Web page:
QMS gives stamp of approval for Premium Compost
BSI compost recycled from food waste has finally been given approval by Quality Meat Scotland (QMS) for use on farm assured land, a move welcomed by North-east organics recycling firm, Keenan Recycling.
The decision to approve food derived BSI PAS100 compost comes after QMS conducted extensive research and sourced expert advice from a range of organisations, including Cranfield University, the Food Standards Agency and Animal Health.
QMS Head of Industry Development, Andy McGowan, said
“We are very pleased to make this announcement, it has taken us a considerable amount of time to understand and quantify the areas we wanted to look at but we wanted to make absolutely sure that we had considered all possibilities.”
The turnaround has been welcomed by the NFU Scotland (NFUS) and the composting industry.
Chairman of the New Deer Branch of NFUS, Davie Smith, said:
“This has been a long time in coming, it took the scientists some time to evaluate everything that needed looked at but we are glad that Premium Compost has now been given a clean bill of health and is available to livestock farmers. A product that reduces our costs and improves the fertility of our soils is welcome.”
When demand for the compost increased two years ago on the back of soaring chemical fertiliser costs, NFUS supported farmers and contributed to the Technical Advisory Group which involved Britain’s top scientists, industry experts, The Scottish Agricultural College. The work was funded by the Scottish Government’s Waste and Resources Action Programme now known as Zero Waste Scotland.
Keenan Recycling, based at New Deer, deals with tens of thousands of tonnes of food and green waste from local authorities all over Scotland and also offers a recycling service to businesses and food processors with green targets.
The business, launched in 2001, transforms food and garden waste into BSI accredited compost at the award winning £3.2m Aberdeenshire facility.
Chairman of Keenan Recycling, Mel Keenan, who was involved in the advisory group, said:
“We are grateful to QMS for approving the compost as it will open up additional markets for compost producers and will allow livestock farmers to enjoy the same benefits as the arable farmers who have been using the compost for some years now. Due to the extremely careful due diligence that QMS has carried out we have all learned more about the compost and can advise farmers with the confidence.”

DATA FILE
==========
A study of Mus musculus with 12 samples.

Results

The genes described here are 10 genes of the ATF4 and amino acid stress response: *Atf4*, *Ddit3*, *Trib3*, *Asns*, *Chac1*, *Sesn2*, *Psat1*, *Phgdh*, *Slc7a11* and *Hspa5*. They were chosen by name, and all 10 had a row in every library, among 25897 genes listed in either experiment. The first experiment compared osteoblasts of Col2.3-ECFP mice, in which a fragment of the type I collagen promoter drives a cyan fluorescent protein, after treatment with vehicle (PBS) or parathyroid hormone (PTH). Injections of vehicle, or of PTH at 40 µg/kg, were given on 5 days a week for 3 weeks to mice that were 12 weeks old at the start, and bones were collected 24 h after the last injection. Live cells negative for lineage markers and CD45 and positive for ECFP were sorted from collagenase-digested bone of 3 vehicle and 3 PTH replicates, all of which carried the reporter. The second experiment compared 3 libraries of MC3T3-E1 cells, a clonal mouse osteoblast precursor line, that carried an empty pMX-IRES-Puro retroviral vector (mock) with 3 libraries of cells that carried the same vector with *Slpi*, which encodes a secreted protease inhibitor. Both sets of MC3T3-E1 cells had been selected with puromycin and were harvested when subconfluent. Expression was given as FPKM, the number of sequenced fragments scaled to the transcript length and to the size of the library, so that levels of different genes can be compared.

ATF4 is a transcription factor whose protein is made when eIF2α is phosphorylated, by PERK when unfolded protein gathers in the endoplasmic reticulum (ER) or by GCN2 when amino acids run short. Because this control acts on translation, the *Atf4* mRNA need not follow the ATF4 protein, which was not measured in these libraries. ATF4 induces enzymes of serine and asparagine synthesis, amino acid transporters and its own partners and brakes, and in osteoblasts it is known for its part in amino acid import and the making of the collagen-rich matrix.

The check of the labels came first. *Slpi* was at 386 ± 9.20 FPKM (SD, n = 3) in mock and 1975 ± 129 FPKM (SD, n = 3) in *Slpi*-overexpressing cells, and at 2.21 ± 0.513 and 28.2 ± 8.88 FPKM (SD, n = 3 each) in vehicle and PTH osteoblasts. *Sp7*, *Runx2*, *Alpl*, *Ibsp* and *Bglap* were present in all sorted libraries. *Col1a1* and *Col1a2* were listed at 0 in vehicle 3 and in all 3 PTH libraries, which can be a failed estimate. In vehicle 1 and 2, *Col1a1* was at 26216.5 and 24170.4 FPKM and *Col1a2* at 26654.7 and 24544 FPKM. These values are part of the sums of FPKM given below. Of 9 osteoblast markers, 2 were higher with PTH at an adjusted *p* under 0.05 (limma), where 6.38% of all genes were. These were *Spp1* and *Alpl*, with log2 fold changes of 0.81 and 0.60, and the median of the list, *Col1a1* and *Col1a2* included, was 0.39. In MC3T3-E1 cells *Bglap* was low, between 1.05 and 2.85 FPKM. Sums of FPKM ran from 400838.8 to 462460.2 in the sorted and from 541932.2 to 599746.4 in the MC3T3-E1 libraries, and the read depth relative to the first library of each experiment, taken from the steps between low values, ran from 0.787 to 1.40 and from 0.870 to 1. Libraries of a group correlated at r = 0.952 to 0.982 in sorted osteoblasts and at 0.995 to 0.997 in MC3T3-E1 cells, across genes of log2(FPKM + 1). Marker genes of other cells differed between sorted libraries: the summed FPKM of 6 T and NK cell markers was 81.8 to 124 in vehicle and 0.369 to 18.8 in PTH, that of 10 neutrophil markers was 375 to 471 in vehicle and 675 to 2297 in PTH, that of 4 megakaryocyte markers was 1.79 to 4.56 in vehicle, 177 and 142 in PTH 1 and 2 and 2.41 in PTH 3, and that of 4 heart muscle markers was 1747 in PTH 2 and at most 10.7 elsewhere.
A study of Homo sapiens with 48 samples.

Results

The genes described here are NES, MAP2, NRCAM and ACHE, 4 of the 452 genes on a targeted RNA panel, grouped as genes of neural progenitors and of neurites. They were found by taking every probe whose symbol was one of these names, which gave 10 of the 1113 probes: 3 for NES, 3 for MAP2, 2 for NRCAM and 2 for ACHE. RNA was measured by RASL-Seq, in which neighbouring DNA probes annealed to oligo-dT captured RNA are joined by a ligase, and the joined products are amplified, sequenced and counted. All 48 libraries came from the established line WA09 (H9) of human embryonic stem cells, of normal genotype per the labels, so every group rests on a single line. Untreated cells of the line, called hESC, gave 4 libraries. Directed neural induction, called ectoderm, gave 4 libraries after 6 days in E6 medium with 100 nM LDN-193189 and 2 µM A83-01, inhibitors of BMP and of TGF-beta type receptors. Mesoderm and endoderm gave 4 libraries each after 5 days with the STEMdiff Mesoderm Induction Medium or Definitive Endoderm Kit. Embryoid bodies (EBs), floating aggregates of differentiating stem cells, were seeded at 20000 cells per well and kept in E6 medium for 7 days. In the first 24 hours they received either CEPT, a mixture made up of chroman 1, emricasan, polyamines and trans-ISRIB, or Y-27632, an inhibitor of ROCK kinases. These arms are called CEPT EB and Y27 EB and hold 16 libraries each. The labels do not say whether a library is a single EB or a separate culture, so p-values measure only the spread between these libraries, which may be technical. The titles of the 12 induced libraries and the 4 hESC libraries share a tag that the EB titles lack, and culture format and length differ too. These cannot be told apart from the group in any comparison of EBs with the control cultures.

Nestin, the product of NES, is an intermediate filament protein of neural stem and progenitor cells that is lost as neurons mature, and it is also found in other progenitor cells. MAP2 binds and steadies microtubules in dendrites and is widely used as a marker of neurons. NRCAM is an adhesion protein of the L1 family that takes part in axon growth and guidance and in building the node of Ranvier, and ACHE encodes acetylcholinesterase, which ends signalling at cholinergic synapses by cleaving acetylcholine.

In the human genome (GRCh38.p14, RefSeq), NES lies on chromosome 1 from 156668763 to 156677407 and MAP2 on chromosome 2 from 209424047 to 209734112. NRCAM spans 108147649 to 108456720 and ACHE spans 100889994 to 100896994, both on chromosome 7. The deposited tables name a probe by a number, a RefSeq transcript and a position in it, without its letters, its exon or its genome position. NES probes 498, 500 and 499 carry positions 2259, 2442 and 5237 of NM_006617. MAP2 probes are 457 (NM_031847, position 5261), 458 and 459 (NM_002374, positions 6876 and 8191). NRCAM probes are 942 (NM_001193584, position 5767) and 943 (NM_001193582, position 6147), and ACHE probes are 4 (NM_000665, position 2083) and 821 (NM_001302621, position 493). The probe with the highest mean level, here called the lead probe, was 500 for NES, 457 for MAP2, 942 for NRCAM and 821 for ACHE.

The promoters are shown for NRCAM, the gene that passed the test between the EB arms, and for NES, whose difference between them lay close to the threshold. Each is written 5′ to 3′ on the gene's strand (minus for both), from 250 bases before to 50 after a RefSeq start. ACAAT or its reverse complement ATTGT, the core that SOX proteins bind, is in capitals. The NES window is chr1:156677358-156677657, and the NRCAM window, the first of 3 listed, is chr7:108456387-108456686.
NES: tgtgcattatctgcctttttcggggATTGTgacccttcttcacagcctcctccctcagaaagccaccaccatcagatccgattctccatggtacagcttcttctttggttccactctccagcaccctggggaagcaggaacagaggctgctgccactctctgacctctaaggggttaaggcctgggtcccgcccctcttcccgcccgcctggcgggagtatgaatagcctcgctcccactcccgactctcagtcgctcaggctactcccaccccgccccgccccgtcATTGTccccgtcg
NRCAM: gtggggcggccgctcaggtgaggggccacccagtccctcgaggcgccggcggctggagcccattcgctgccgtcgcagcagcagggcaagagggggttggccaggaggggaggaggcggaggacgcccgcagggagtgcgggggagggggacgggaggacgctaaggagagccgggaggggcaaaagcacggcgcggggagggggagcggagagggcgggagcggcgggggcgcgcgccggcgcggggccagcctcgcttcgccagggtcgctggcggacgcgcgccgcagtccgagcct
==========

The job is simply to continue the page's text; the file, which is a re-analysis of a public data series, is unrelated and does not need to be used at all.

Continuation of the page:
Compost made from food waste and garden waste has great benefits for soil, with long term enhanced levels of slow release nitrogen and a rich Potash source available. Soil health is also improved with the Phosphate content together with useful levels of Sulphur and trace elements such as Manganese and Magnesium. These attributes, combined with soil structure benefits and enhanced microbial activity, can reduce fertiliser costs and lead to higher crop yields. With compost created from garden waste there are certain QMS restrictions, such as no top dressing on grazing pastures. A guide for farmers has been drawn up by QMS which has been supported by composters in the North-east.
It is estimated that the average family discards around £400 pounds worth of food every year and as part of the Scottish Government’s Zero Waste Plan food waste will have to be collected separately from other waste streams by 2013 and will be banned from landfill by 2015.
Managing Director of Keenan Recycling, Grant Keenan said;
“Modern families don’t like to waste food but they also tend to adhere strictly to best before dates with many claiming they are comforted when they see discarded food being recycled to help grow new food crops and reduce the use of chemical fertilizers.”
It is also anticipated that additional recycled products will become available in due course as a result of the breakthrough with QMS.